You fell into an often-overlooked trap, which makes your program useless to most of the world. It assumes that one
char is one "character" (as users would understand it). Here's where that goes wrong:
The first input is the flag of Bulgaria, and the second is the flag of Great Britain. You see, there isn't actually a dedicated Unicode code point for every flag. Instead, there are 26 regional indicator symbols, one for each of the 26 English letters. These are combined into ISO 3166-2 2-letter country codes. In this case,
"[G][B]". It's then the system's responsibility to identify these country codes, and present a single glyph which shows the latest flag for that country code.
Your program considers these to be anagrams. It would fail in similar spectacular ways for skin-tone-modified emojis, family emojis, many non-latin alphabets (including popular ones like Chinese).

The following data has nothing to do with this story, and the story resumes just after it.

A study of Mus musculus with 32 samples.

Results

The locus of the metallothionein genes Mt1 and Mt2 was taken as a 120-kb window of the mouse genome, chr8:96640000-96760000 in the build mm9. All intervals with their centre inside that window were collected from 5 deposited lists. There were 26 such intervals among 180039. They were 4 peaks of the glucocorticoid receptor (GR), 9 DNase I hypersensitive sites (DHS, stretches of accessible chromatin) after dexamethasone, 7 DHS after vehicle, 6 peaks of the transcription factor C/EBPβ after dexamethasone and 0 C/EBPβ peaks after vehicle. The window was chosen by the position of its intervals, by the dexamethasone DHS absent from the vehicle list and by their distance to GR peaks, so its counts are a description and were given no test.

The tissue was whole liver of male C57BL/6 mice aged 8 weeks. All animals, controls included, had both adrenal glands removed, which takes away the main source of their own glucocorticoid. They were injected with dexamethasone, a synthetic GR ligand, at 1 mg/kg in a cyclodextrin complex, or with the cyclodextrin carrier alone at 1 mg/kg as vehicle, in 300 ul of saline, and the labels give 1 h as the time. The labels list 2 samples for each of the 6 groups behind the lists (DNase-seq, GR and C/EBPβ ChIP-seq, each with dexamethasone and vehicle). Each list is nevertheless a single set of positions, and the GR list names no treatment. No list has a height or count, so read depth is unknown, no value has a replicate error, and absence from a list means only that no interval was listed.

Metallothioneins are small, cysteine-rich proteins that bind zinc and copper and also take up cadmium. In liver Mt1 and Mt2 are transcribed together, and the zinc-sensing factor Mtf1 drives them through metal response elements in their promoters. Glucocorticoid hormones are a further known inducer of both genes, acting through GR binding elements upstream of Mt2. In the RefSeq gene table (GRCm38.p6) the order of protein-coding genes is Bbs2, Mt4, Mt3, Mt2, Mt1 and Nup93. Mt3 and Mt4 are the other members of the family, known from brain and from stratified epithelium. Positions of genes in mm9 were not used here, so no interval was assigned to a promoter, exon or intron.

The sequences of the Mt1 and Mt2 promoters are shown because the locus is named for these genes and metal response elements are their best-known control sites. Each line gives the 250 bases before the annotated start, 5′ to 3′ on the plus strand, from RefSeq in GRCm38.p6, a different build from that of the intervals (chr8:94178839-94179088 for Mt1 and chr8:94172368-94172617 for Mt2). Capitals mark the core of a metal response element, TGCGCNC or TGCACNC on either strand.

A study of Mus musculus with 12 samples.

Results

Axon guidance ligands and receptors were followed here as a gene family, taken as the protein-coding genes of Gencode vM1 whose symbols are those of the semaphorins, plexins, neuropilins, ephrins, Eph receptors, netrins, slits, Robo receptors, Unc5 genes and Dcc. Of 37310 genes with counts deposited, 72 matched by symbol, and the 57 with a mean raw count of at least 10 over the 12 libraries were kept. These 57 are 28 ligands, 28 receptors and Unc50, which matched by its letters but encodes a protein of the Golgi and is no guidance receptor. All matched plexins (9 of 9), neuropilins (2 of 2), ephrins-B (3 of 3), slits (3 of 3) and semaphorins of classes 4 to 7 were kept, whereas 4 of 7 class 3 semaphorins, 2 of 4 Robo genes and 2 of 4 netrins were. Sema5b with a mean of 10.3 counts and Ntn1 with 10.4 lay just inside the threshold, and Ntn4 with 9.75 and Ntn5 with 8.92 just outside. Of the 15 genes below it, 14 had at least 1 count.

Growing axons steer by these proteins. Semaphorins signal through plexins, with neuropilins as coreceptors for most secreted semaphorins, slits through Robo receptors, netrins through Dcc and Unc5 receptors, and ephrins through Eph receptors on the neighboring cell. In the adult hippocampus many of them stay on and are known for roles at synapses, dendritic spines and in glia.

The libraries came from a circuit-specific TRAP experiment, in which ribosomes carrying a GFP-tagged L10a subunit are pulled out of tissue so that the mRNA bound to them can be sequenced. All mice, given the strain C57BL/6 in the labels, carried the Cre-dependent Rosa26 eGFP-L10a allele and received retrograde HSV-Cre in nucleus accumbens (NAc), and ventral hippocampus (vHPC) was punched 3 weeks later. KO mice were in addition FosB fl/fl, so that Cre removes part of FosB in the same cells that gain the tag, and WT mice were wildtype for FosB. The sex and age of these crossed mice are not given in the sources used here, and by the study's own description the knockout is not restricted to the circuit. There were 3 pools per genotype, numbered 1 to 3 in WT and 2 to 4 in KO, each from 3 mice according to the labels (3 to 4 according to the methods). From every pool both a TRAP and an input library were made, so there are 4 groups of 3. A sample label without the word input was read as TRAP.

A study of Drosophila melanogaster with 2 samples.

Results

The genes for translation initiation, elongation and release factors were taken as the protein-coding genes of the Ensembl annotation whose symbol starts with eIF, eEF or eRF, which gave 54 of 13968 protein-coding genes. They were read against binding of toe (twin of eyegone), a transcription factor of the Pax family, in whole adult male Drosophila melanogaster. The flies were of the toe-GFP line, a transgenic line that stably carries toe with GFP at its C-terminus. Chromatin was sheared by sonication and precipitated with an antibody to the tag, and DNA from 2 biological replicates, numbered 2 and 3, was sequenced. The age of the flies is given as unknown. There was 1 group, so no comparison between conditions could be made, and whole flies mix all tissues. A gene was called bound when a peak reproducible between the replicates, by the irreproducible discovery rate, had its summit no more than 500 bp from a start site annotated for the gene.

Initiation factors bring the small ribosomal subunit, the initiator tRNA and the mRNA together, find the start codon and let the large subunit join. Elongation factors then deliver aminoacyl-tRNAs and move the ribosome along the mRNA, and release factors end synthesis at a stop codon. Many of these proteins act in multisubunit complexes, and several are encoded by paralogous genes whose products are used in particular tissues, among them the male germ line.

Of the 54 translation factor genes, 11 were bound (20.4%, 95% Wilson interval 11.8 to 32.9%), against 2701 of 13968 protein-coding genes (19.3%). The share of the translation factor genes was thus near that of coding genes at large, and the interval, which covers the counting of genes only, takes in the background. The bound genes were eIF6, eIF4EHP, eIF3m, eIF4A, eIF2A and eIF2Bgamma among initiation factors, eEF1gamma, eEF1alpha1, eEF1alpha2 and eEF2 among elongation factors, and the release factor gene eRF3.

The solution is to operate on the level of "Unicode Extended Grapheme Clusters" rather than
chars (which model Unicode scalars). This is the closest thing to a human's understanding of "characters", accounting for things like emoji families, flags, characters with accent modifiers applied to them, and so on. It's not a perfect match, but it's pretty close.
This code snippet from this answer looks like a pretty promising way to decompose a string into its constituent EGCs:
String extendedGraphemeClusters = inputString.codePoints()
.mapToObj(cp -> new String(Character.toChars(cp)))
.toArray(size -> new String[size]);
You could then use this
extendedGraphemeClusters array of strings (where each string is really just an EGC) as the input to the various algorithms discussed in the other answers. E.g. you can use that array with the sorting approach you used originally. Rather than sorting the characters with the input string, you would sort the strings (modeling EGCs) in the array (which models the EGCs of the input string).
You could also use the
HashMap based approach with it, just the same.